Pennsylvania Has Few Options to Release Elderly Prisoners as COVID-19 Spreads
Advocates have called on Governor Tom Wolf and state Department of Corrections officials to release elderly and infirm people from state prisons. But the law is limiting how quickly they can move.
Sitting along a winding road in rural Somerset County, Pennsylvania, outside of Pittsburgh, is State Correctional Institution Laurel Highlands, a prison designed to house and care for elderly and infirm men incarcerated in the state.
The former state hospital includes a skilled nursing wing, hospice and palliative care, and a dialysis unit. It is home to some of the men most vulnerable to the current COVID-19 outbreak: As of the end of February, the prison housed more than 1,500 people, one-third of whom were listed as in infirmary care. More than half of the people in the prison were 40 years old or older, as of 2018.
But as local jails have taken steps to get the most vulnerable people released as COVID-19 spreads, prisons are moving less quickly. Pennsylvania law is particularly limiting when it comes to prison release, leaving officials scrambling to try to mitigate the harms of the virus.
“Prisons and jails, for that matter, were never designed to house this type of population,” Meghan Novisky, assistant professor of criminology at Cleveland State University, told The Appeal. “There’s a lot of suffering that is likely to happen as [COVID-19] starts spreading. I’m saying when because it inevitably will.”
One option to get the elderly and infirm out of prison is compassionate release. But in Pennsylvania, a person must be both non-ambulatory and have a terminal diagnosis before they can be considered for compassionate release.
“The requirements are so stringent that a lot of people don’t qualify,” Novisky said. Between January 2010 and June 2015, only nine people were released through the program.
“It’s not compassionate, nor do we release anybody,” said Pennsylvania Secretary of Corrections John Wetzel.
Another option for releasing people early from prison is through commutations. However, while states like Kentucky allow the governor to unilaterally provide clemency, Pennsylvania requires all requests be approved by the state Board of Pardons before the governor can act.
Wetzel said one of the best ways the state could act to quickly get vulnerable people out of prison would be to institute a furlough program. A furlough program allows for people in prison to temporarily be released from prison but remain under the supervision of the state.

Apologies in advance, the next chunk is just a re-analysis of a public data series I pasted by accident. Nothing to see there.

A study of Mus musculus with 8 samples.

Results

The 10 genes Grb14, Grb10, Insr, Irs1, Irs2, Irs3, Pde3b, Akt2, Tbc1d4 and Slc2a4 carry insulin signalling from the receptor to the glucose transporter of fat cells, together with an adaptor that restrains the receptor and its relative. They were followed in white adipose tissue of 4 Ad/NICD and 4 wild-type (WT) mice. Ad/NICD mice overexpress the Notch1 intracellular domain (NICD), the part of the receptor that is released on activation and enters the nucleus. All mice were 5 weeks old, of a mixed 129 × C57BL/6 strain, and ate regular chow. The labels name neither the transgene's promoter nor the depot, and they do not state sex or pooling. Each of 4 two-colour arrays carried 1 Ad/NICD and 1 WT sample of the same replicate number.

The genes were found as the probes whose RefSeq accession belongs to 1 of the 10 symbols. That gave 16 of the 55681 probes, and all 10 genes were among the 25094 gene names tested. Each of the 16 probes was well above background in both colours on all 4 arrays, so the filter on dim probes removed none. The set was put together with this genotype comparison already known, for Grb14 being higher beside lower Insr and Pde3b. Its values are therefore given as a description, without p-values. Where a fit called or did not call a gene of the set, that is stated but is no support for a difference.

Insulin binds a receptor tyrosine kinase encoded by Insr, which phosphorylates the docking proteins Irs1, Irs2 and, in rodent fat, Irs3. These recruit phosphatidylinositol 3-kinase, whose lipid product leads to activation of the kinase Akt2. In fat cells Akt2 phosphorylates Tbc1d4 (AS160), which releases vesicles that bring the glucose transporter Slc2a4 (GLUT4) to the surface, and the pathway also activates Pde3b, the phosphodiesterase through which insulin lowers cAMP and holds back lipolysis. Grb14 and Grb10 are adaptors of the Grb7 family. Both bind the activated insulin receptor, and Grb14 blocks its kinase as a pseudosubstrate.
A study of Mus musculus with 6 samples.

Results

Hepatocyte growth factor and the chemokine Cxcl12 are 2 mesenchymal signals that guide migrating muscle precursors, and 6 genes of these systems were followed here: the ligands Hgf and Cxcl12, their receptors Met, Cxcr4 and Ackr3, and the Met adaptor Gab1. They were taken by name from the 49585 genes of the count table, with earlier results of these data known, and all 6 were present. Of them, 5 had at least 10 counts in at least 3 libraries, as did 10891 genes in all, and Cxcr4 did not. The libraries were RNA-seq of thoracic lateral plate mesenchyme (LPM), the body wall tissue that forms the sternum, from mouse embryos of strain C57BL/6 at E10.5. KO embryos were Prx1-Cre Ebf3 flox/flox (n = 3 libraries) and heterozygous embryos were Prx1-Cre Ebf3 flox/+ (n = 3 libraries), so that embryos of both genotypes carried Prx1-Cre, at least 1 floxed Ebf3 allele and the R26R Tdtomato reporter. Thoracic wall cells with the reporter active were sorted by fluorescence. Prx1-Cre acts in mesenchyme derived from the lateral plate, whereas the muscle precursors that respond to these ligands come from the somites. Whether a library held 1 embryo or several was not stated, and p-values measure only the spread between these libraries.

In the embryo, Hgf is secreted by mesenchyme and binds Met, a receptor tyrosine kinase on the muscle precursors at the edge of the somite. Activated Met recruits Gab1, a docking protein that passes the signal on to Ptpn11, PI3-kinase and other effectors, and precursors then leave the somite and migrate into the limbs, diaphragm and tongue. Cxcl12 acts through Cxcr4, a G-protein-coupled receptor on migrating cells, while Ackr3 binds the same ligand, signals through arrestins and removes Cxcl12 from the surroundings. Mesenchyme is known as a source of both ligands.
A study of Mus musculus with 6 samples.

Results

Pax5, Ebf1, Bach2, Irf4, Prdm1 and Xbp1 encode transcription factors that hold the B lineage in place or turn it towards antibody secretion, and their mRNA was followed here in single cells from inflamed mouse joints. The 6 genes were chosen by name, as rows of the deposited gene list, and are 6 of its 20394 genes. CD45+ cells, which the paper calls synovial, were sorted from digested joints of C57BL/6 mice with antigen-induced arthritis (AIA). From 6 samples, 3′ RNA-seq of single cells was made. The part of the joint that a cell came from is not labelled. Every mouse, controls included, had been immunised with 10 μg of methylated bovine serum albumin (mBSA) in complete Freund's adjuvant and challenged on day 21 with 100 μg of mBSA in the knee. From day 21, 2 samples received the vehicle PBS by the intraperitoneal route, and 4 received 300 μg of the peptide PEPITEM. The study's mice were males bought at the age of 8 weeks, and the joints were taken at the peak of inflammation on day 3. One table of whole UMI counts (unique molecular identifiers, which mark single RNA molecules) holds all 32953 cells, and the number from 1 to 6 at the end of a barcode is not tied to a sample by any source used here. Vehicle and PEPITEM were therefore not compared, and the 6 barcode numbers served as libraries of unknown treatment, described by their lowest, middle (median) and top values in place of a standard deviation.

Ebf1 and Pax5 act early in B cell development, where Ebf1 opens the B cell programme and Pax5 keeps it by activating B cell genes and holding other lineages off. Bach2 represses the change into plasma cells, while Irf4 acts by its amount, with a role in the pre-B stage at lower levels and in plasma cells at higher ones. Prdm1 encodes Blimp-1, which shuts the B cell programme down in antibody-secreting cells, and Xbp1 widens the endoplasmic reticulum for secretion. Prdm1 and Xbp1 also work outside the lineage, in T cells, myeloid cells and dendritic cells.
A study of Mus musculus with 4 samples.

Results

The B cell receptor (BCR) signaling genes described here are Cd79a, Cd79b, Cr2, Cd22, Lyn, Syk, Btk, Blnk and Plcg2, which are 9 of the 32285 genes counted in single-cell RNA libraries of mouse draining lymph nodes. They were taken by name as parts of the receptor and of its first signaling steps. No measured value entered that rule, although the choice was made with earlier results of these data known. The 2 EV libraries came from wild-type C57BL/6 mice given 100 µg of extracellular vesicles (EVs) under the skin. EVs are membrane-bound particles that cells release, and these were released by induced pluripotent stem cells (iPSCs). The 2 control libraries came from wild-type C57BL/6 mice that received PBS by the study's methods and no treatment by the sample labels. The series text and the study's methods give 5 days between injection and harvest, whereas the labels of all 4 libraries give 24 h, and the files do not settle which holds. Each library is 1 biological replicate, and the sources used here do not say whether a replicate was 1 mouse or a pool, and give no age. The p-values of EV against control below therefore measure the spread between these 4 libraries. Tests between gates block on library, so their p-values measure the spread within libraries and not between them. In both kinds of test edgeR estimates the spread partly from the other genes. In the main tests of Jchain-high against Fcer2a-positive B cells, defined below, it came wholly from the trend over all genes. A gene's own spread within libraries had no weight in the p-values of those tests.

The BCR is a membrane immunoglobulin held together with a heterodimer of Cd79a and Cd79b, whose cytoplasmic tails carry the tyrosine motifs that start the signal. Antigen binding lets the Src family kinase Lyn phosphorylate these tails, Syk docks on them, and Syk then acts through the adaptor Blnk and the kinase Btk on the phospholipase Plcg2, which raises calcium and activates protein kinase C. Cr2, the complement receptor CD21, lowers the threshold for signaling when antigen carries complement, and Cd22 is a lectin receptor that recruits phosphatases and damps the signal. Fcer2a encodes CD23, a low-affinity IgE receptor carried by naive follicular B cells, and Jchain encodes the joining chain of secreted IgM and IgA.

Wetzel said his staff has already begun to identify people who are incarcerated in the prison system who would likely be eligible for release under a furlough program, like in Indiana, including people convicted of a non-violent offense who are elderly or immunocompromised and nearing their release date.
While the program would likely be the quickest way to get people out of prison, Wetzel said the effectiveness would depend on finding proper home plans for the people who are released.
“I would love to clear out our nursing home,” he said. “But they need to have a place to go.”
According to Wetzel, no new inmates are being brought to Laurel Highlands. Staff are also being screened for symptoms of COVID-19 and are not being rotated to different wings. However, staff are not being tested for the virus at the prison, as tests are extremely limited in the state and country.
Wetzel said his office was exploring options to create intensive care units within Laurel Highlands, although the Department of Corrections had, as of Wednesday, four ventilators to serve the more than 40,000 people in the state prisons, including roughly 12,000 people Wetzel said were considered vulnerable because of their age or health.
Similar procedures are also being used in Montgomery County, the current epicenter of the outbreak in the state, at SCI Phoenix and SCI Waymart, which has a cancer treatment center, Wetzel said.
Visitors were banned from all state prisons on March 13.
On Wednesday, advocates from the ACLU of Pennsylvania, Amistad Law Project, and the Abolitionist Law Center sent a letter to Governor Tom Wolf urging him to explore “emergency measures to release as many elderly people and as many people with comorbidities and complex medical needs from prison as quickly and safely as possible,” and calling on the Board of Probation and Parole to expedite releases.
While members of the parole board are appointed by the governor, Wolf does not directly oversee the decisions made by the board.